Hemophilia community connects through creative awareness and advocacy campaign

Jonathan Hill's graphic novel "Blood of the Paladin"
Jonathan Hill's graphic novel "Blood of the Paladin"(WZAW)
Published: Apr. 12, 2021 at 5:02 PM CDT

Not only has Jonathan been using the role-playing game “Dungeons and Dragons” his entire life as an escape from the challenges of his chronic health condition, but he has also channeled his creative energy into writing a novel. The idea came after a meeting at the National Hemophilia Foundation 2019 Bleeding Disorders Conference.

“Blood of the Paladin” details his journey of accepting, managing and embracing his bleeding disorder. In the graphic novel, he draws support from his father, close friends and the iconic fantasy role-playing game.  Jonathan is sharing his story through this graphic novel in the hopes of shedding light on the challenges that people living with hemophilia face.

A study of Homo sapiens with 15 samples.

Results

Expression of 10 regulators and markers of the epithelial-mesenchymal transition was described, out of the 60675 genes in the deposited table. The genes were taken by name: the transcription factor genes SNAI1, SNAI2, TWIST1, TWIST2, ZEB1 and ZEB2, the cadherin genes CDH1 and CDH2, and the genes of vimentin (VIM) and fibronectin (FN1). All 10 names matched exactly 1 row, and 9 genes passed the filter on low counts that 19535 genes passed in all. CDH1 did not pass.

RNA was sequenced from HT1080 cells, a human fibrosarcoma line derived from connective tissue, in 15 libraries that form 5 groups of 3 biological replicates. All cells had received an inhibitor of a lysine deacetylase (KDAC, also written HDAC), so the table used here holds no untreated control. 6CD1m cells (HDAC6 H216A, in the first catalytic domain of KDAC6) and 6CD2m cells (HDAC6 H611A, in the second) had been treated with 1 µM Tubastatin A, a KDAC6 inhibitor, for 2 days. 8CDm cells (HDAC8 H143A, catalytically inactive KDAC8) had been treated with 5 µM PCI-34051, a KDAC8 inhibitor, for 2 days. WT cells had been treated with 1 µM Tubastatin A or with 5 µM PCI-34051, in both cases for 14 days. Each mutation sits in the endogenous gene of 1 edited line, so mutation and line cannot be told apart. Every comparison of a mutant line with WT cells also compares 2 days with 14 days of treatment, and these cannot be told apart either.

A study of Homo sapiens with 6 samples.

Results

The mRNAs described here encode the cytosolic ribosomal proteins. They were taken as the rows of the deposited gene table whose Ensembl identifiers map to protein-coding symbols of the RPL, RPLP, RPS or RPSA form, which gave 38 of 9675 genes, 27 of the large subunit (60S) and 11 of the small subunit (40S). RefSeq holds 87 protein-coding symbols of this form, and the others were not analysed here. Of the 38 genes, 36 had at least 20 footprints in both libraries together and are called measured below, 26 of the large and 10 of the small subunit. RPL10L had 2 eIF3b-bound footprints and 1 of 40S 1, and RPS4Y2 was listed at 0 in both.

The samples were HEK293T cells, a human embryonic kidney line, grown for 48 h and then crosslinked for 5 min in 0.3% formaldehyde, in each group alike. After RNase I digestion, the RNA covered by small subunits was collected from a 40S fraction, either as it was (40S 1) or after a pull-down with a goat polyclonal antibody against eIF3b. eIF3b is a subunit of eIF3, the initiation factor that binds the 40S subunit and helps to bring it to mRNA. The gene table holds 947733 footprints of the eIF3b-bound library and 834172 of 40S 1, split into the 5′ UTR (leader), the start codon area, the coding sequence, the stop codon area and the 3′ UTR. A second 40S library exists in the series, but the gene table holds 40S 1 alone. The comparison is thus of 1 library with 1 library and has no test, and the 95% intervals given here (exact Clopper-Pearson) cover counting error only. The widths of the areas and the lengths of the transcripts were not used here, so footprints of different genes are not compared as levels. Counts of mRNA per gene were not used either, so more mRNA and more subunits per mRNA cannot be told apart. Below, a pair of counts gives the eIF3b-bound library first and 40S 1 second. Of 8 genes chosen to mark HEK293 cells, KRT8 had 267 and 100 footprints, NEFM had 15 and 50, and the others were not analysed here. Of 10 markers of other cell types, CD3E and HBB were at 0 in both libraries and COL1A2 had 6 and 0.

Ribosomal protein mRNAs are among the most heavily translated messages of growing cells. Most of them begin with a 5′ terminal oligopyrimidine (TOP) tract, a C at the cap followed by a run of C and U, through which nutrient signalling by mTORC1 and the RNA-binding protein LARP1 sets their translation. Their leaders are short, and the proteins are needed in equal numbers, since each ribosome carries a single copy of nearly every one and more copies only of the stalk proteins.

On Monday on NewsChannel 7 at 4, Jonathan shared more about the therapeutic process of writing and his work to help others facing similar trials. He was joined by his dear friend and former President of the National Hemophilia Foundation Val Bias, who discussed the challenges that people living with the condition face.

For more information on Hill’s novel, visit:

From 2008 through 2019, Val, who also lives with hemophilia, led the National Hemophilia Foundation to the forefront of the healthcare reform debate on such issues as the elimination of lifetime caps and pre-existing conditions with insurers. In addition, he greatly expanded the NHF’s research agenda and created the Women’s Health and Bleeding Disorders Institute to address the growing needs for awareness and treatment for women with bleeding disorders. Before becoming CEO, Val maintained a long history with the National Hemophilia Foundation from his service as NHF’s Board Chair in 1992 to his tenure as volunteer, consultant, and lobbyist/advocate for NHF - culminating with the passage of the Ricky Ray Hemophilia Relief Act of 1998. He has interfaced with key decision makers in executive and legislative branches of federal government and has long-standing working relationships with such federal agencies as the CDC, NIH and FDA.